Gavin Turnbull

George Eyre-Todd, in Scottish Poetry of the Eighteenth Century (1896) 2:252.

One of the lesser lights of Ayrshire song who have suffered neglect in the bright contemporary blaze of Burns was Gavin Turnbull, weaver, poet, and comedian. Not the less, for the truth and ease of more than one of his compositions, he remains entitled to a place in the bead-roll of the singers.

The son of a tippling dyester from Hawick, who dearly loved a gill-stoup, a song, and a roystering company, the poet was born in Kilmarnock, and early apprenticed there to the trade of carpet weaving. He proved but an idle apprentice, however, being fonder of spouting Shakespeare and writing verses than of weaving carpets. For some time, in consequence, his dwelling was a forlorn garret, without furniture, and with only straw for a bed and a stone for a seat. Here, nevertheless, he indulged in all the glow of poetic fancy, describing to David Sillar, a kindred spirit, in all the charms of verse, his "wee housie snug and warm," where he sat spinning rhyme "by the chimla lug."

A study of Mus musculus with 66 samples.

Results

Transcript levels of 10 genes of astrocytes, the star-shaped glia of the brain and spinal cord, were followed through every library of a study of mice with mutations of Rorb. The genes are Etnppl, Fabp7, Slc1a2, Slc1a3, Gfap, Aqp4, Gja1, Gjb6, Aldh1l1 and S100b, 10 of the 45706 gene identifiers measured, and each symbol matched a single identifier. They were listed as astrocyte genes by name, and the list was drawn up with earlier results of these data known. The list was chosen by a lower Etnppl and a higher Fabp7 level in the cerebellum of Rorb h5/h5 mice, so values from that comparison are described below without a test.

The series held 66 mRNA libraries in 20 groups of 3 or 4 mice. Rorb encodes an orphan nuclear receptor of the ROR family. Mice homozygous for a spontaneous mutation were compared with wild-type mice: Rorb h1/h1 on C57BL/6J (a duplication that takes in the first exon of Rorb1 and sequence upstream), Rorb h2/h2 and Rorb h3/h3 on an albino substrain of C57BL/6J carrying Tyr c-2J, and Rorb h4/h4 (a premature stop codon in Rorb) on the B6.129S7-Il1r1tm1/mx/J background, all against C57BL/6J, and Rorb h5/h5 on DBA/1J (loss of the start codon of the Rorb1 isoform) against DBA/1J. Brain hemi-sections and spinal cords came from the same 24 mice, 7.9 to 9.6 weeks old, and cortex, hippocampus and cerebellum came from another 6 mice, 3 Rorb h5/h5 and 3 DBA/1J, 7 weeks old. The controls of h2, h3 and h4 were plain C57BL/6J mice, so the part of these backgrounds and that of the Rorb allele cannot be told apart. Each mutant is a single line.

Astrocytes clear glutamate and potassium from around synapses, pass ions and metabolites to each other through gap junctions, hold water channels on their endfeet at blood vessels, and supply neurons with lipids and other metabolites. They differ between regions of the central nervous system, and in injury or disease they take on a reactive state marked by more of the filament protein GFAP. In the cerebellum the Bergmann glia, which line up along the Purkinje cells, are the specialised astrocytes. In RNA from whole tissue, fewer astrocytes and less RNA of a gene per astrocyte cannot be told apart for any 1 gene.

By and by he migrated, with the rest of his father's family, to Glasgow, and there, in 1788, he published a volume of Poetical Essays, some of which are of no small merit, though they have been strangely lost sight of. Shortly after this publication he appears to have gone upon the stage, and in the character of comedian, when resident in Dumfries, he became an intimate acquaintance of Burns. By Burns several of Turnbull's songs, not included in his first volume, were sent to Thomson for his collection. In 1794 a further small pamphlet of Poems, by Gavin Turnbull, comedian, was published. Little more is known of the jovial, luckless poet-comedian. In 1798, when Campbell wrote his History of Poetry in Scotland, Turnbull was still alive, but it is said he emigrated finally to America, and probably he died there. The few particulars extant regarding his life have been preserved in The Ayrshire Contemporaries of Burns.